New fruit, rooted in history at the Mennonite Heritage Center

by Sarah Heffner, Hereford

The Mennonite Heritage Center, Harleysville, and Eastern Mennonite Seminary cosponsored a class on Anabaptist History and Theology: An Introduction to Basic Themes and Perspectives on four Tuesday evenings in October.  Instructors John Ruth and Steve Kriss and 23 participants considered critical themes running throughout Anabaptist history.

Steve Kriss instructs the Anabaptist history class at the Mennonite Heritage Center. Photo by John Ruth.

The class syllabus described this introduction as “acquainting students with the almost 500-year sweep of Anabaptist/Mennonite history, experience and theological reflection since 1525. This story of a movement and faith communities will be viewed against the background of the spiritual, social, geographical and cultural dimensions both historically and from today’s perspective.”

An ambitious agenda for the four evenings, but an excellent opportunity for participants to ponder what Ruth described as “a small chapter in a specific story with universal meaning”. During the first class, the instructors gave a quick overview of early European Christian history leading up to the Reformation period. From the early beginnings as a persecuted church until Christianity became legitimized as a religion after the conversion of the Roman Emperor Constantine in the fourth century, the church grew and spread throughout Western Europe. Kriss noted that although the church became rich and institutionalized, it was still the voice of Jesus Christ through the centuries.

Ruth, who has led many trips to the Anabaptist European roots in the Netherlands and the Palatinate, discussed the early European reformers’ objections to the corruption of the official state church during the fourteenth and fifteenth centuries. The religious fervor, persecution and social upheaval of this period led to the development and growth of the Anabaptist churches. Ruth noted that the development of the printing press played an important role in the ability of the common person to learn and study Scripture and theology for themselves. The insularity of the local Mennonite culture began to change with the modern era. “Mennonites of this region were in a thermos bottle for three centuries and their warmth was retained,” Ruth said.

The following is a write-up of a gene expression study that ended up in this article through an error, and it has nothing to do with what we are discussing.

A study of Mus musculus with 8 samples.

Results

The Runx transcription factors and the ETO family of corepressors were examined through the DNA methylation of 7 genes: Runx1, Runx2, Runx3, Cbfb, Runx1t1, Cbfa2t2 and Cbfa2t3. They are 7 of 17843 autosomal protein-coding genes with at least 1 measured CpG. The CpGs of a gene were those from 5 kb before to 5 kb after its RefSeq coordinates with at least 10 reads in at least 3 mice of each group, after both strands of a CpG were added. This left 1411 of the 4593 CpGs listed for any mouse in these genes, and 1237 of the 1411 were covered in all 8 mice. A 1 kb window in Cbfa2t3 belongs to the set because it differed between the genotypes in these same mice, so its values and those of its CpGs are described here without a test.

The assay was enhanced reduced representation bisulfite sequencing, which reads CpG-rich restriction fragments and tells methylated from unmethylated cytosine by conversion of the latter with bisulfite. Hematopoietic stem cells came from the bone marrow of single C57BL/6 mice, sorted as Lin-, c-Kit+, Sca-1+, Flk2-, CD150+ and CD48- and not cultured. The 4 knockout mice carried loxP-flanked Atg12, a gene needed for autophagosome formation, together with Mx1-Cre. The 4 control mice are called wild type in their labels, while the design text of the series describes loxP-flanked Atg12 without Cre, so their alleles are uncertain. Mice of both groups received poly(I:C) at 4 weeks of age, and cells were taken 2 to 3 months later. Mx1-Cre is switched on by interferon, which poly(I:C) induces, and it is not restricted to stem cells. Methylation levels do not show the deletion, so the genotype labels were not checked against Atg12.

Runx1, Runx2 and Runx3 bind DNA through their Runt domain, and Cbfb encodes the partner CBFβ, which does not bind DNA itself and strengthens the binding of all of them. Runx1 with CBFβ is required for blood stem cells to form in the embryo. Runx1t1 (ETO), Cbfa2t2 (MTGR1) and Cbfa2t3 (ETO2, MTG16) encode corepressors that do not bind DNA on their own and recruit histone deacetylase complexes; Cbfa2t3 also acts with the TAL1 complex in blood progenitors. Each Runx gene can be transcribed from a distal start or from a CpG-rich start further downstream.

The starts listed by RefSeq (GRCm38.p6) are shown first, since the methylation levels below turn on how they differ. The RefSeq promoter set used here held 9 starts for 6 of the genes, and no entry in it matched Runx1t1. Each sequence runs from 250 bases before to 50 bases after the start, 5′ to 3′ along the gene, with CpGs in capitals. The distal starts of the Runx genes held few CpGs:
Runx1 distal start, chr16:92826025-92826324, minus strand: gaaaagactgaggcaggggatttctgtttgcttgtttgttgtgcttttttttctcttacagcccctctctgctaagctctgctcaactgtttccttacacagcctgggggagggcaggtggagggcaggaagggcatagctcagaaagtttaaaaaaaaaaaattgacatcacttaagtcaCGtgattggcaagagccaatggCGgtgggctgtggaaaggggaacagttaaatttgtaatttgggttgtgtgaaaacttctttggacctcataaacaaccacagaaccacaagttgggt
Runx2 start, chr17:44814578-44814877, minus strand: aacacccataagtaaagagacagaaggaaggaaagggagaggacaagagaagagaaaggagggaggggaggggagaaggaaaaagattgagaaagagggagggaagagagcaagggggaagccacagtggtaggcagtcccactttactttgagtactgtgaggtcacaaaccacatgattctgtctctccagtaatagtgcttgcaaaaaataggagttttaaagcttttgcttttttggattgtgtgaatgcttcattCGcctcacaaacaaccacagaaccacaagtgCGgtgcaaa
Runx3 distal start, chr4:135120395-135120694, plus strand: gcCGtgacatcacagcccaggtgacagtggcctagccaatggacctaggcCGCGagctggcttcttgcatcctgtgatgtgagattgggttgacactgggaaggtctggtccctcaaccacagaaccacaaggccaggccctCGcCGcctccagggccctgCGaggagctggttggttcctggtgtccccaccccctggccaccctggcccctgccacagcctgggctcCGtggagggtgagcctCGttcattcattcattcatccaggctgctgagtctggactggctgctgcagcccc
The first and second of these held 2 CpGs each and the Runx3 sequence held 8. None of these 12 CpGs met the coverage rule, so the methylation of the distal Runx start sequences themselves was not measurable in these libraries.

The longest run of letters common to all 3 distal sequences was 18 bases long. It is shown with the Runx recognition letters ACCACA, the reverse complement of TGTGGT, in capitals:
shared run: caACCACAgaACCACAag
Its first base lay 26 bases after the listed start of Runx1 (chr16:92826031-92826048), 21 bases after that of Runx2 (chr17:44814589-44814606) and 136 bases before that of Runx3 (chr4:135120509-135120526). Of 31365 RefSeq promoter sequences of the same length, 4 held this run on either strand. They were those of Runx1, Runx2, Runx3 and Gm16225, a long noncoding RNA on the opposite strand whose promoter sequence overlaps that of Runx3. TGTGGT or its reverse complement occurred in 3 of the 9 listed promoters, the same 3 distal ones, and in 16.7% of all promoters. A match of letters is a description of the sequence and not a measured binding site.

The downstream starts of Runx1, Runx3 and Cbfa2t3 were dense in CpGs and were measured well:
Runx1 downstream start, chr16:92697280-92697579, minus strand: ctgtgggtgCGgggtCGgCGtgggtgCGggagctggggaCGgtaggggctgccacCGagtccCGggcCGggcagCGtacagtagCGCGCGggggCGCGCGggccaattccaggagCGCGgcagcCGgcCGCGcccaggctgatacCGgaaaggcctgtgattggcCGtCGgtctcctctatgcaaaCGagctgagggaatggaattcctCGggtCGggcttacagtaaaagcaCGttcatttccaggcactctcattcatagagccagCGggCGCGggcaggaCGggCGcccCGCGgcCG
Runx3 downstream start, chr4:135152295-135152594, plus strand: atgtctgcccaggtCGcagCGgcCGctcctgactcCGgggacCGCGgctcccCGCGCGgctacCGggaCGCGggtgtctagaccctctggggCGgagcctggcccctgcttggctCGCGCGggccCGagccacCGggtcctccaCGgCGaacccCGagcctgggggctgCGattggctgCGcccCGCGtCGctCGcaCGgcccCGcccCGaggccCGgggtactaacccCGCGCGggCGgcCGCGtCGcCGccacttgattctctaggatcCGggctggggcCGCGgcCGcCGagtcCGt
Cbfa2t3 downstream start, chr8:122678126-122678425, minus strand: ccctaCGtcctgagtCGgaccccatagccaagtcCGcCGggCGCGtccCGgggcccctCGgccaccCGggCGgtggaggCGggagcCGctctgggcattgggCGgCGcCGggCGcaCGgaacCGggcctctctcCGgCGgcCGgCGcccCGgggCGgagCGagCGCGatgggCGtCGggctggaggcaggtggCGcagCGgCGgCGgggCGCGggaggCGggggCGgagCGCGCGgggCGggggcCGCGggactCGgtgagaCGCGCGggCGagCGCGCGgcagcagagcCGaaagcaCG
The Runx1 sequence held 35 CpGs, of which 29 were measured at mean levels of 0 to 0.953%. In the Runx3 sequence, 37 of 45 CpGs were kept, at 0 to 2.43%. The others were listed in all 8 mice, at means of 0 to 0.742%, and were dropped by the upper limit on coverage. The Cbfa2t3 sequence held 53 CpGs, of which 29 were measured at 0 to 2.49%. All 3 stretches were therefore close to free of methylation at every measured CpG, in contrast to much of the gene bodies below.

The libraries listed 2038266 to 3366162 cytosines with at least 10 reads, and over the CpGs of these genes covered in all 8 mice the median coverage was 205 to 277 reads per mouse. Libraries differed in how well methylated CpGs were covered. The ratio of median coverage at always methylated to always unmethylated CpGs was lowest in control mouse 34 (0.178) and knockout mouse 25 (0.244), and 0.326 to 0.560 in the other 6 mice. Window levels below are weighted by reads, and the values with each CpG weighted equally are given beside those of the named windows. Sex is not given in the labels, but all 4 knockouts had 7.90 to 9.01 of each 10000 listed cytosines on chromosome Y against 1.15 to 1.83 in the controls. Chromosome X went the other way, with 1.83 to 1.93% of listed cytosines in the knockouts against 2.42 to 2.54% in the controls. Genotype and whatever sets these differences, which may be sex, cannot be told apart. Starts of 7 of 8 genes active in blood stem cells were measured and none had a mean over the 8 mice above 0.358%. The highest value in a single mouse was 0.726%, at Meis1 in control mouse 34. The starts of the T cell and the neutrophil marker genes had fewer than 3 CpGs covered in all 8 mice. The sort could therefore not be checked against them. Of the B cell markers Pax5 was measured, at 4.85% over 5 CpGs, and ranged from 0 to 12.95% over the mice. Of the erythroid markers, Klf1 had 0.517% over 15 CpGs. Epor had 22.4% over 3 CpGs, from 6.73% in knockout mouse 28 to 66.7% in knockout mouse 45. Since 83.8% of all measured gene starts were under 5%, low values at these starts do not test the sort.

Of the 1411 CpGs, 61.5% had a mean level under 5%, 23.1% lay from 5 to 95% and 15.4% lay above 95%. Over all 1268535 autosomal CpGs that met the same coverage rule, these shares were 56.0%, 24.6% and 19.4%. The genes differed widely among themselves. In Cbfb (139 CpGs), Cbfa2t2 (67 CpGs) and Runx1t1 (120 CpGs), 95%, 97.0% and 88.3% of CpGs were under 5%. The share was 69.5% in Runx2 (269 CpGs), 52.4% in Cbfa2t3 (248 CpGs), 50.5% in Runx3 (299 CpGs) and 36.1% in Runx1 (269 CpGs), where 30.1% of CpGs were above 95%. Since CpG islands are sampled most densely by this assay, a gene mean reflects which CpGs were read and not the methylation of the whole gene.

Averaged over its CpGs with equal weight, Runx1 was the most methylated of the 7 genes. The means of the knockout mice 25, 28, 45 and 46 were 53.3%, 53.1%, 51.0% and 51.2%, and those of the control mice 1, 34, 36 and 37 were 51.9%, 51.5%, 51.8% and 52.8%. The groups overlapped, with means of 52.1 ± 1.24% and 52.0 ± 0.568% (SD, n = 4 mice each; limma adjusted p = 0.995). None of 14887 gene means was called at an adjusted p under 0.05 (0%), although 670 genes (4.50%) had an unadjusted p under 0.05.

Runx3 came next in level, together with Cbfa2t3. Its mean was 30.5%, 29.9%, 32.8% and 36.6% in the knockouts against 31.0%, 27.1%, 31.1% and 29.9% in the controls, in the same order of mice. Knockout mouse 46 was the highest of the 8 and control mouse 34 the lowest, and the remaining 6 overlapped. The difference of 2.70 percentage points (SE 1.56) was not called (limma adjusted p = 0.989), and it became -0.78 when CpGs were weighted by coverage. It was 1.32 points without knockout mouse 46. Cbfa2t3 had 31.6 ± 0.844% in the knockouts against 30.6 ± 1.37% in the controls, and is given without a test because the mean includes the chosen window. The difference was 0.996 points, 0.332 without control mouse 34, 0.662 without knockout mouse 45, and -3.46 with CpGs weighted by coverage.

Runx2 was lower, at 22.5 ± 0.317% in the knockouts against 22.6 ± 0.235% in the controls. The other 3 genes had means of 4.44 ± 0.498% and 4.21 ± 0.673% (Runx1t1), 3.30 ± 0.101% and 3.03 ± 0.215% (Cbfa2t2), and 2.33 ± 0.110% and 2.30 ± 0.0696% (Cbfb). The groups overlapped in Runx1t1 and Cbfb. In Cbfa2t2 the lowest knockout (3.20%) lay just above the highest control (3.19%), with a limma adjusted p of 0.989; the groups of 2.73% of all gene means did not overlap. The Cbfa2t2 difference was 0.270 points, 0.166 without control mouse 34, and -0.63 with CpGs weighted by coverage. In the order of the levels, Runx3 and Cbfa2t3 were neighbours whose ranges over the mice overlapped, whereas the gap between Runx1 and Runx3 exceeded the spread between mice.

Kriss spoke about the mission effort of the mid to late 20th century as one of Christianity’s major efforts, noting that the mission efforts sometimes lacked in cultural understanding. “We are now in another reforming time,” Kriss said. “The good news goes out even though the church goes through upheaval. How do we play in the global church reality?”

The last evening was spent looking at the global Mennonite story and the rising presence of the global church in local Mennonite conferences. Franconia Conference is growing because of the new immigrant congregations. Kriss noted that we will need to graft the stories of the historic congregations and the new congregations together—the fruit might look different but the harvest is there. The desire is to have our roots planted seriously but with a strong sense of the global community.

Both Kriss and Ruth enjoyed the challenge of teaching this topic. “Teaching with John Ruth is a privilege and challenge,” Kriss noted. “I appreciate his wisdom, wit and experience. In our teaching together, I hope that John and I are able to model the struggle and possibility that exists within our time with respect to history and hope for the future, knowing that we’re living a story still being written by God and that we are characters in this ongoing drama across the generations—of creation, learning and redemption in the way of Christ.”